Our hospitals provide the core medical services needed for our community.
Central Maine Medical Center and St. Mary’s Regional Medical Center have been serving the residents of Androscoggin County and beyond for well over 100 years. Our quality is strong and continues to rise as we are committed to improving the community’s health while providing high-quality services at a lower cost. Our hospitals provide the core medical services needed for our community and specialized services for people living throughout central and western Maine.
Doing this, we employ more than 525 physicians and associated professional staff in more than 40 medical and surgical specialties. Last year, our local medical practices had some 536,000 patient visits. There were 83,000 visits to our emergency rooms in Lewiston. All of our providers accept MaineCare and Medicare. No one is turned away for inability to pay.
The quality of care and breadth of service in this region is no accident. Our local health systems are the result of thoughtful choices, collaborative efforts, strong leadership and careful investment by the community for more than a century.
Money spent locally on hospital care circulates many times through the local economy. Combined, we employ more than 4,350 people with an annual payroll of $230 million. Our employees pay millions of dollars in state income and property taxes, purchase goods and services from local businesses, and are a bright spot in Maine’s struggling economy.
The problem, and the challenge, is that it is no longer business as usual. Maine’s Legislature is considering proposals eliminating 65,000 people from MaineCare and directly cutting $50 million from hospitals over the next 18 months — even though MaineCare owes all Maine hospitals nearly $400 million for services provided since 2009.
There are rate cuts for inpatient stays and outpatient visits. Caps are placed on the number of hospital stays and outpatient visits per year. These changes represent approximately $20 million in cuts to our two hospitals, which are now owed $75 million by MaineCare — a debt that grows daily and puts great pressure on our cash flow and ability to pay local vendors.
Regardless of actions by state government, people will continue to get sick and use our services. We expect people losing their MaineCare eligibility will turn to our emergency rooms for care. By federal law, we cannot turn anyone away.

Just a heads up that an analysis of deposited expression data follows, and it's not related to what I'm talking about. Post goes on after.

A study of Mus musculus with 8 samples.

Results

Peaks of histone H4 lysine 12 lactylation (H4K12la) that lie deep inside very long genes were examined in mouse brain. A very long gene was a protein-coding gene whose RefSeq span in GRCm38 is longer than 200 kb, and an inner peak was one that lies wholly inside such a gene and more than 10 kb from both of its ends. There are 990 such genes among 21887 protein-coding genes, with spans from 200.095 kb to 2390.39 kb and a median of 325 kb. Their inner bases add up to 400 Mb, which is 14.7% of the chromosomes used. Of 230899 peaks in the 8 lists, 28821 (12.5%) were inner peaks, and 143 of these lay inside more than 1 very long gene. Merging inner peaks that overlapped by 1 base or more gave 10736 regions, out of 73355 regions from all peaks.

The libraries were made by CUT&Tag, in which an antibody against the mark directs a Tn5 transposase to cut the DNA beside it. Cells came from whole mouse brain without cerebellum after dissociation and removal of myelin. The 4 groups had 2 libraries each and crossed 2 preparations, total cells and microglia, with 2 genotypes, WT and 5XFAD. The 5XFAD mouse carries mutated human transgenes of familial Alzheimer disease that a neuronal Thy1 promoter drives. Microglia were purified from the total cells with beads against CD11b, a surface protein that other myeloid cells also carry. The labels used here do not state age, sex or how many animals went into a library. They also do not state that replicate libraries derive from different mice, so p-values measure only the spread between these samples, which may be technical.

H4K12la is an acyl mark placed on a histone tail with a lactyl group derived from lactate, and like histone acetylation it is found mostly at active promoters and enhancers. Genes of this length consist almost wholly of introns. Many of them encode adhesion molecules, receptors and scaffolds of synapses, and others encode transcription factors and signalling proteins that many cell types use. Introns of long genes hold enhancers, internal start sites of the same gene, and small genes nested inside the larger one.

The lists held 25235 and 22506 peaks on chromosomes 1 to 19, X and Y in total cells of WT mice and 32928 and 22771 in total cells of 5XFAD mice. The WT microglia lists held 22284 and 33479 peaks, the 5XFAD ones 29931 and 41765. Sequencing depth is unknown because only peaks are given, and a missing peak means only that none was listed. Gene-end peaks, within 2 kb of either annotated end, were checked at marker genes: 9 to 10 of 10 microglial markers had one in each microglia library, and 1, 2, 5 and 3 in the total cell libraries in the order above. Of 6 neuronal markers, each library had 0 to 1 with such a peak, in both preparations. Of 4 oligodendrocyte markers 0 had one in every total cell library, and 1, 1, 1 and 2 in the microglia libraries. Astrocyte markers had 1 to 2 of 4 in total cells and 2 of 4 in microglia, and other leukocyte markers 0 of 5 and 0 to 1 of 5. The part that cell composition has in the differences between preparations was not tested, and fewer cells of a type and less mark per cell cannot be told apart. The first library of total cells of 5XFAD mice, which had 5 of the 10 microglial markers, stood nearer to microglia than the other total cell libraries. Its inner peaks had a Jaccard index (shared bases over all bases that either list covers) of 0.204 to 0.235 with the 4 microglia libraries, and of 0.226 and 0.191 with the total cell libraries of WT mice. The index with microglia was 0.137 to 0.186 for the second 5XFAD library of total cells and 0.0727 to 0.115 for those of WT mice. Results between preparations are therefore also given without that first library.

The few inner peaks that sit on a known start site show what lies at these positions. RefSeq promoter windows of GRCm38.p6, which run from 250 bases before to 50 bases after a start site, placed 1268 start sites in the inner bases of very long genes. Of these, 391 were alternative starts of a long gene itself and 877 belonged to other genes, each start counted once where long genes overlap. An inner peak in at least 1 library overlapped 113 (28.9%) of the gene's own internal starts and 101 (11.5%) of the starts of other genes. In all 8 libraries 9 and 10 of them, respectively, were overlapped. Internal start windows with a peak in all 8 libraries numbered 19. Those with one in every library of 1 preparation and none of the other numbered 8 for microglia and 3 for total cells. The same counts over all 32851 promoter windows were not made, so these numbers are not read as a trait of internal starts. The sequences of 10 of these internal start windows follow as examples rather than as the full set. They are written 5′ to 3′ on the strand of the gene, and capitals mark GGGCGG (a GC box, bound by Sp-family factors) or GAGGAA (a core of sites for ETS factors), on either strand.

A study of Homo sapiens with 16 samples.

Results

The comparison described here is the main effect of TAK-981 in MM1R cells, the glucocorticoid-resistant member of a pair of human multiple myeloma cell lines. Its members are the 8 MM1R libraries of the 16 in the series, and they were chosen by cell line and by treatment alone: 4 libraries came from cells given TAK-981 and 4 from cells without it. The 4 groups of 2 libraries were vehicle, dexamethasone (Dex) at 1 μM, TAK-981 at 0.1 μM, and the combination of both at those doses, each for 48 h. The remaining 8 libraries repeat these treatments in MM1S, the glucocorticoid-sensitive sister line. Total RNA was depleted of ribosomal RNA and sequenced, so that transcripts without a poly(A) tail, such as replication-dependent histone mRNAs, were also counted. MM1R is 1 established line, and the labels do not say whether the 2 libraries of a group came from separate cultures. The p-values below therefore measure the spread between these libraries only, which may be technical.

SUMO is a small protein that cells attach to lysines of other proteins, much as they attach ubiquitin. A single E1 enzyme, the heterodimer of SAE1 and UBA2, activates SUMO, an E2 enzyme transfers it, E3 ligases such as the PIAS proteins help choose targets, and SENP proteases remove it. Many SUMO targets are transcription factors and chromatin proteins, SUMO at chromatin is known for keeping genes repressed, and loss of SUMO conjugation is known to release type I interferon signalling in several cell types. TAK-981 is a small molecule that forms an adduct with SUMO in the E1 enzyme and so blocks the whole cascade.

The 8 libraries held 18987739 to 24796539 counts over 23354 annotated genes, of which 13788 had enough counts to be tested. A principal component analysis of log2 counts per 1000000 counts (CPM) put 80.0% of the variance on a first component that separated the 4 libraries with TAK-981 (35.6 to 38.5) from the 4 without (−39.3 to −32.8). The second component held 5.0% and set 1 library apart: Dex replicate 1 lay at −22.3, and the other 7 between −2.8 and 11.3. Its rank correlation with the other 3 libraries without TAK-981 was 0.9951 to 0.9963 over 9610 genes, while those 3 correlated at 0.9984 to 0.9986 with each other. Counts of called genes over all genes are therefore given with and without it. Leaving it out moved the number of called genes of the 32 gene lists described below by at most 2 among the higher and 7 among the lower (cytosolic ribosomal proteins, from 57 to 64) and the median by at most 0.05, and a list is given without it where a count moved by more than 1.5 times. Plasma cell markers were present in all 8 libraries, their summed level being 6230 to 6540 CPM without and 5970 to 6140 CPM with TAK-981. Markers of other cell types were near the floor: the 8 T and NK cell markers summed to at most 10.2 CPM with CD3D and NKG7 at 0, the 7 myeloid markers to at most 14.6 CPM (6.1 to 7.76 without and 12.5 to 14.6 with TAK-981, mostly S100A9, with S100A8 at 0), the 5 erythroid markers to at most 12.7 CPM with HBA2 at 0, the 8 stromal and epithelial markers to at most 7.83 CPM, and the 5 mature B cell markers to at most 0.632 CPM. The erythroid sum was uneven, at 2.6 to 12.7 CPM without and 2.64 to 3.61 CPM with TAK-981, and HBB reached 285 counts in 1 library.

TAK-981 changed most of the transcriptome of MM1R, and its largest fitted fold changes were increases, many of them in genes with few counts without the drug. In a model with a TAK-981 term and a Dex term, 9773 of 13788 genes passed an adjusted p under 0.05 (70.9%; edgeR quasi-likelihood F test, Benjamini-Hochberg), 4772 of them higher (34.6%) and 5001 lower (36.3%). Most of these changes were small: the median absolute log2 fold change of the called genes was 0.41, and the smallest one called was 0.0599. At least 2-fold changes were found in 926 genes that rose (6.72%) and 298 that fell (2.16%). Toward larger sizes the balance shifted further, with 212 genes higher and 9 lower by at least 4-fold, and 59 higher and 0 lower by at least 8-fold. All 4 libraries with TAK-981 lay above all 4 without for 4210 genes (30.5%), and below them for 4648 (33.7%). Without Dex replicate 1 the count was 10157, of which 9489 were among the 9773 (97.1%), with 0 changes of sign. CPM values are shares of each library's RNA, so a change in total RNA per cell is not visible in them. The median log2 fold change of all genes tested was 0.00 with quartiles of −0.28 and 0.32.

The poor economy has made it difficult for many to pay all or even a portion of their bills. We still provide them care, though combined bad debt at both hospitals was more than $35 million in 2011. Additionally, we cannot shift all of our shortfalls to employers. It hurts their financial viability and affects their competitiveness in the marketplace.
We cannot absorb $20 million in cuts and continue business as usual. If these cuts are approved, we will be forced to make cuts in staffing and services.
The issue calls for real leadership. Fiscal realities need to be addressed, but there cannot be a singular focus on balancing the budget on the backs of those in need. There must be a thoughtful plan ensuring that patients eliminated from MaineCare continue to get care.
Such a plan could bridge us from today’s budget discussion to the year 2014 when the next stage of national health-care reform goes into effect and all those who would be disenfranchised will again need to be covered.
Right now, no such plan exists.
St. Mary’s and CMMC are proud of our roles in the community. We provide local people with good jobs, buy services from local vendors, and offer quality care to all. We feel it is a privilege to provide services to our fellow citizens. But, we cannot keep doing so with such drastic cuts in MaineCare payments.
Our hospitals have always been here for the public — open and operating 24 hours a day, regardless of good times or bad. But today we need the public’s help and its voice.
Democrats and Republican representatives are concerned with repercussions from the proposed cuts. We urge the public, and their elected representatives, to support the development of better alternatives to dealing with these issues, and that both the safety net and the local health care delivery system we all rely upon will be protected.
Laird Covey is president of Central Maine Medical Center. Lee Myles is president of St. Mary’s Regional Medical Center.